Does Mississippi State have the receivers to make the Air Raid work? I think we can bury that narrative now
While all the talk during the preseason regarding wide receivers focused on the talented group at Alabama led by Jaylen Waddle and LSU superstar Ja’Marr Chase opting out of the 2020 season, there was another group that went largely ignored at Mississippi State.
That’s not the case anymore.
The Bulldogs put on a show Saturday in Baton Rouge as Mike Leach’s Air Raid offense had a debut for the ages. And the record books.
Leading the way was Osirus Mitchell. The 6-5 senior from Sarasota, Fla., caught 7 passes for 183 yards and 2 touchdowns, including the clincher, a 29-yard dart from quarterback KJ Costello in the corner of the end zone that hit Mitchell right in stride.
If you have watched Leach’s Washington State offenses the past 2 seasons, Mitchell’s height, talent and ability to burn defenders bring back memories of Tay Martin. Martin, now at Oklahoma State, stands 6-3 and in 2018, he caught 69 balls for 685 yards and 8 touchdowns. He was a force in the red zone, much like Mitchell will be this season.
It might not be any coincidence that both touchdowns — the other for 43 yards in the 2nd quarter — came on 3rd down. Costello, making his first start in Leach’s offense after transferring from Stanford, may have found his go-to receiver on the big downs. On 3rd-and-13 on State’s second drive of the season, Costello found Mitchell for a 25-yard gain that led to a field goal.
Yet, as always in a Leach offense, the ball was spread around and kept every receiver happy. Not counting the 2 running backs who combined for 9 catches with Kylin Hill having 8 of those, Costello found 7 different receivers. Mitchell led the Bulldogs in yards, but Austin Williams, another tall receiver at 6-3, had 7 catches for 57 yards and a score.
JaVonta Payton, a 6-1 senior from Nashville, followed with 6 receptions for 122 yards, including gains of 33 and 34 yards on State’s first drive in the second half that led to a touchdown and a 20-17 lead.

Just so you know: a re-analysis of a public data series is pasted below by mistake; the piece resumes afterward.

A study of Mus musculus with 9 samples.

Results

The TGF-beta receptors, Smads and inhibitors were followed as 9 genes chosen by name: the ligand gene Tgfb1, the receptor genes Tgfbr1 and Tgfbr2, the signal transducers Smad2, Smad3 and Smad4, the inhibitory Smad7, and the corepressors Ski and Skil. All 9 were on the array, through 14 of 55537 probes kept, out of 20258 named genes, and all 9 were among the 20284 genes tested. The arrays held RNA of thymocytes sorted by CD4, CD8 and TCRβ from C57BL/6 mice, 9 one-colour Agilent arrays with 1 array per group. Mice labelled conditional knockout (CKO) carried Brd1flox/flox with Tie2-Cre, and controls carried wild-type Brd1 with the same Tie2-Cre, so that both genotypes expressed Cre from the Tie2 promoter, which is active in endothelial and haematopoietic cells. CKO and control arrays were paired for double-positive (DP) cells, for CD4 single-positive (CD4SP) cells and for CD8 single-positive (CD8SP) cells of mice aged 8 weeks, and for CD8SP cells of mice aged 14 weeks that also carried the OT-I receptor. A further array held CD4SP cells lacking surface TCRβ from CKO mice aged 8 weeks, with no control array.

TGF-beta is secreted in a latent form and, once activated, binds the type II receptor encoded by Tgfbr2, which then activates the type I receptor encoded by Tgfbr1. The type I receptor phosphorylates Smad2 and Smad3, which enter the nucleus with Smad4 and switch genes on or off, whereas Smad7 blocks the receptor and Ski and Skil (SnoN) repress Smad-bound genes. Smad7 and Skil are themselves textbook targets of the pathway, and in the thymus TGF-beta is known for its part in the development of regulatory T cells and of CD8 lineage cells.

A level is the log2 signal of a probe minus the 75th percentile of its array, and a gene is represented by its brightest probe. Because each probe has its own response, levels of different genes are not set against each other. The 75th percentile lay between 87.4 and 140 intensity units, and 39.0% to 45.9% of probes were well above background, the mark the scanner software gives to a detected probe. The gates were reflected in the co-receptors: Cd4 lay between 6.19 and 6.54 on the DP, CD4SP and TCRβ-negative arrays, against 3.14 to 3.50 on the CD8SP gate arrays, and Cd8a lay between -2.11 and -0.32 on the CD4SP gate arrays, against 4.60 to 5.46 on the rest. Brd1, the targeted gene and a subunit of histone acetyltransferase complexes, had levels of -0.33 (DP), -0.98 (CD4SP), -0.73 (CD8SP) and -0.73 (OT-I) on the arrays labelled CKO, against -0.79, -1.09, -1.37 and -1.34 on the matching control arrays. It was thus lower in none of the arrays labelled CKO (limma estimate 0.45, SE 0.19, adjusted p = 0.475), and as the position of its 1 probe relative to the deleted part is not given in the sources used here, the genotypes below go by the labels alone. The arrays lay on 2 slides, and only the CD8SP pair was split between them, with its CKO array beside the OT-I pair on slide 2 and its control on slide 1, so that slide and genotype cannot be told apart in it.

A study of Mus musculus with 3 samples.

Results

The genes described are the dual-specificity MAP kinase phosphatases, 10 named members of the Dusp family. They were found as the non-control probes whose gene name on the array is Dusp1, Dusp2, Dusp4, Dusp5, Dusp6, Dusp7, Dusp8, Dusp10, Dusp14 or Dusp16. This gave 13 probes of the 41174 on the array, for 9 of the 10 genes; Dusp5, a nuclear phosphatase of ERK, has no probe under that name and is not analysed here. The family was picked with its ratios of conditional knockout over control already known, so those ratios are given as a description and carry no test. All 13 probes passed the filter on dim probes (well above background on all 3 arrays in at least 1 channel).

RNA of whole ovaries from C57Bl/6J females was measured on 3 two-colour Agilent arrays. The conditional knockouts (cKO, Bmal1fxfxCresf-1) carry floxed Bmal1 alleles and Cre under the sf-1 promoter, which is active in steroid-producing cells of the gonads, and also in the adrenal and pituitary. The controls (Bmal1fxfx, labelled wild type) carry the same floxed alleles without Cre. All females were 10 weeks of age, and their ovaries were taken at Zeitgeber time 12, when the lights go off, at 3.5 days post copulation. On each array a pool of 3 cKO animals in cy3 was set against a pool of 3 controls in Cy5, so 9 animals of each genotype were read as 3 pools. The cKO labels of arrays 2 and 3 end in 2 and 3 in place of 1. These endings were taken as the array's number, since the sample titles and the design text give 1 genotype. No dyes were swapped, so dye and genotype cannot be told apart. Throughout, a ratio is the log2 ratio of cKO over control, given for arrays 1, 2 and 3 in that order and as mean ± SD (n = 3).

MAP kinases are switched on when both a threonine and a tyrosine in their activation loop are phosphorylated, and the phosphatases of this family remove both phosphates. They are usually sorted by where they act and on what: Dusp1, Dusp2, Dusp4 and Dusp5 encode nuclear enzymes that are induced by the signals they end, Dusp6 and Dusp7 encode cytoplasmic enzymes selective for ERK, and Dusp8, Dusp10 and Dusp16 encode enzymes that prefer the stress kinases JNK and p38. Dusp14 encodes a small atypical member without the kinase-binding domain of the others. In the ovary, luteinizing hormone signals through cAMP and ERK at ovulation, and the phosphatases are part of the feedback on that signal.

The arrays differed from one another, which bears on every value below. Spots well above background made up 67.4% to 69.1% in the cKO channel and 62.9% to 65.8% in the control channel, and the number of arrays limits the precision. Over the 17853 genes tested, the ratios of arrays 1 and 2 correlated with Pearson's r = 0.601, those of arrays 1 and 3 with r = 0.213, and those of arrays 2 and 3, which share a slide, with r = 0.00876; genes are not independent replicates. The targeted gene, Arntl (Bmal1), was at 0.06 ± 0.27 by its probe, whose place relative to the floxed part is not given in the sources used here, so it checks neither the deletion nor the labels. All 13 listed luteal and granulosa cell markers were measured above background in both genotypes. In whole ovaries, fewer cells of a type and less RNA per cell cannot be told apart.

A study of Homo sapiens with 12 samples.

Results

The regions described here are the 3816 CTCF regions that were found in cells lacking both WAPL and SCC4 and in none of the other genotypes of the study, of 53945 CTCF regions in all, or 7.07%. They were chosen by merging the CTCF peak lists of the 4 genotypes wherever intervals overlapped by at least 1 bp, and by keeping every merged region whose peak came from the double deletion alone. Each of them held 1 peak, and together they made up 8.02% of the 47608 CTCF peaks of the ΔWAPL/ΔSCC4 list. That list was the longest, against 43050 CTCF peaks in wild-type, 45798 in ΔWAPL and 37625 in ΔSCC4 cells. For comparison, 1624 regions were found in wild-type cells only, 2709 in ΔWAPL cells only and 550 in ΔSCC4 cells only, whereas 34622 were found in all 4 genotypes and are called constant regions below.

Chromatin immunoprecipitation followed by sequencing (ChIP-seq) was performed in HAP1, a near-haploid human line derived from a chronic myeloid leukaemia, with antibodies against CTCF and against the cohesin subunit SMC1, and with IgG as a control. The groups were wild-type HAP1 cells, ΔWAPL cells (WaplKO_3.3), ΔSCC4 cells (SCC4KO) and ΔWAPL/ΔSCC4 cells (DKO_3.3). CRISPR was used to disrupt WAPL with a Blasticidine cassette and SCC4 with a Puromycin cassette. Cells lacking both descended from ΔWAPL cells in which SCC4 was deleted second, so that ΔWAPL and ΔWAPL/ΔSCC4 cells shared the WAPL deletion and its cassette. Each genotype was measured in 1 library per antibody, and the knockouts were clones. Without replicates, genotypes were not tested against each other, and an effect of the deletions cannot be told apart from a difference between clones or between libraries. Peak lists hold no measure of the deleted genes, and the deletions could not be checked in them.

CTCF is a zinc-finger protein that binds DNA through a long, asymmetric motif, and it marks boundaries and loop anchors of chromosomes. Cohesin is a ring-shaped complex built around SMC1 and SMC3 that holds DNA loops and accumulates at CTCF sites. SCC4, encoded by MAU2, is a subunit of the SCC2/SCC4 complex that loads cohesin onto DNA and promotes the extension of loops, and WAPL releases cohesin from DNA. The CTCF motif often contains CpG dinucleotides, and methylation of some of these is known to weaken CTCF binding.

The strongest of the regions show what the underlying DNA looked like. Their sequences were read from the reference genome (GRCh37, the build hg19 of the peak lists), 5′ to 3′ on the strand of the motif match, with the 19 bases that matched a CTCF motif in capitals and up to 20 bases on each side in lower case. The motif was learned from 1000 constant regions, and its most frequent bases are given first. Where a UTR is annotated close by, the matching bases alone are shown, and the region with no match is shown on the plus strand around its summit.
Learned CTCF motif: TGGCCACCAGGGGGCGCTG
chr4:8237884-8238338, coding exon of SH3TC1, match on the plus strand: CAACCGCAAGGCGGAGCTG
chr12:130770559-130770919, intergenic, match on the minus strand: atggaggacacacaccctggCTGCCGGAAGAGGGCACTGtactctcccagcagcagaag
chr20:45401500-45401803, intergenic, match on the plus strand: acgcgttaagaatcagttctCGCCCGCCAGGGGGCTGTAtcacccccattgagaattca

Coming in, everyone knew sort of what to expect from Leach’s offense, but nobody was quite sure Mississippi State had the right players to pull it off. Remember, last season no receiver caught more than 30 balls, no receiver gained more than 430 yards and no receiver had more than 6 TD catches. This season, those numbers might be topped by Week 3.
So, yes, that question was emphatically answered.
Sure, LSU was down its top player in Derek Stingley Jr. and was replacing most of its starters on defense, but you don’t go into Baton Rouge and put up 623 yards through the air without having a team that is downright dangerous. This is still LSU, a program that doesn’t rebuild but reloads with some of the top talent in the country.
It won’t be like this every week. At least we don’t think. But Leach’s system is so established, so proven, so versatile, it’s fair to think there will be many more 400- and 500-yard passing days — even in the vaunted SEC West.
The Bulldogs are still getting used to each other on the field and that in itself is a scary thought. The receivers corps has the height, speed and hands that rivals even those of the Crimson Tide or Ohio State’s. This team is just getting started.
It has to be a blast being a receiver — or a certain running back — in this system.